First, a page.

Cooking the Books: Will the housing market changes be enough to help first home buyers?
It’s not an easy time to be a first home buyer.
Affordability – as measured by the average house price to household income – hit its worst point in at least 17 years
We’re looking to buy in Auckland on the North Shore, particularly around the Stanmore Bay area. Our ideal budget was $880k, but that’s risen to our maximum of $950k.
In the time we first started looking for a home, prices and seller expectations have risen over $100,000 – growing faster than we can save to keep up with the deposit required.
After Covid the median house price has raised another $100k or so, which has now priced us out of the market.
So here we sit, with a phat deposit, two incomes and a dream … to one day be able to afford an average house in Dunedin.
Now I am at the maximum amount I can borrow. I’m approved up to a purchase price of $500,000 with a 20 per cent deposit on under $75,000 income.
I’ve considered asking friends to buy with me, but it seems too much of a risk and I doubt we’d get on as flatmates, even though couples I know have a much easier time getting mortgages and enough for a deposit.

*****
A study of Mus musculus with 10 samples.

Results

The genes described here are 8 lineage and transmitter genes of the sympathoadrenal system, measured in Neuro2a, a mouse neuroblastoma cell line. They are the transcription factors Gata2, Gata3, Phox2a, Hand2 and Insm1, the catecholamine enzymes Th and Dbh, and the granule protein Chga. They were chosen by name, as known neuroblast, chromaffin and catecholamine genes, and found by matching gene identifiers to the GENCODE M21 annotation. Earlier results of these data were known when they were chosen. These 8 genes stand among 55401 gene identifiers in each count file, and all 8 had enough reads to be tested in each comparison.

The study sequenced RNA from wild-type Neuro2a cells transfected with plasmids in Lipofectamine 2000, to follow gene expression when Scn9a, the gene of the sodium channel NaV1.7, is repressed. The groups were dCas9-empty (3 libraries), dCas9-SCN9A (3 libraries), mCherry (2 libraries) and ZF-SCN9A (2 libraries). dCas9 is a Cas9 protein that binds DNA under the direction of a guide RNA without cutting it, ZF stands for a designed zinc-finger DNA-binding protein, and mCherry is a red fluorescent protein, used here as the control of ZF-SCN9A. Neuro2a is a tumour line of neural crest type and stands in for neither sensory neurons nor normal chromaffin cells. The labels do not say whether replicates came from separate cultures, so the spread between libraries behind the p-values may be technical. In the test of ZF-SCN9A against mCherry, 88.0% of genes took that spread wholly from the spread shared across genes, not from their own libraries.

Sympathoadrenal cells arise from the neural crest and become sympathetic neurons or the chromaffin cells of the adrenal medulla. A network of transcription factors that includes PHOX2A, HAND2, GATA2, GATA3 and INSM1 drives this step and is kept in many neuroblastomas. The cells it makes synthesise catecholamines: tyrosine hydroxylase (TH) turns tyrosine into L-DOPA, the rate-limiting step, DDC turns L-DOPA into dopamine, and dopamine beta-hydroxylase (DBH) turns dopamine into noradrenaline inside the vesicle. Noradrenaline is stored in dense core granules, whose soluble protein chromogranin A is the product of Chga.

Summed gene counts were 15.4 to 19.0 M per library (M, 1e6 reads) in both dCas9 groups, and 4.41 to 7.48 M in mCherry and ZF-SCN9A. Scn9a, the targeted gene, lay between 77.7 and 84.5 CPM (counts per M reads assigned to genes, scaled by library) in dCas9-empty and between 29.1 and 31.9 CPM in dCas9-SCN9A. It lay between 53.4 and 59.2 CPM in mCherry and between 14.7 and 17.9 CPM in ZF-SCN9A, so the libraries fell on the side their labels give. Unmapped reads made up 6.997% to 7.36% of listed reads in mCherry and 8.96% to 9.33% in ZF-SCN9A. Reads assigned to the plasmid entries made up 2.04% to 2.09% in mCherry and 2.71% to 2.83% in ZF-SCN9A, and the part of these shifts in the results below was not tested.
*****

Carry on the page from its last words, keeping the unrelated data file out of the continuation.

My KiwiSaver alone would only be $26k as it was only three years ago my income was stable and high enough to be able to lock some away where I can’t really touch it.
I might have deposit help from family, but I’m not sure yet.
The government grants only apply to homes under a certain price cap, which while recently raised is still unrealistically low unless I want to sleep in my kitchen.
I’ve been told I’m “in a good position” to purchase at around $650,000, maybe $700,000.
My family and I live north of Albany and have lived here since we were babies.
I’d love to stay close so I can help my mum (we lost dad a couple of years back) but I know I can’t afford to live in the place I grew up so I am looking at houses from Wellsford to South Auckland – basically anywhere I can maybe afford.
‘Something will come up’ is what I hear on the daily and now I have been evicted as the landlord wants to move in.
This is now going to eat into my tight budget to find another rental while I still try to find a place to call home.
If house prices dropped by 20 per cent, as per whispers from so-called experts, that would mean older people like me will maybe have a roof over our heads in retirement.
The alternative scares me and causes many sleepless nights – not being able to afford anywhere to live and potentially living in a cardboard box on the side of the road.
There are so many females in my position.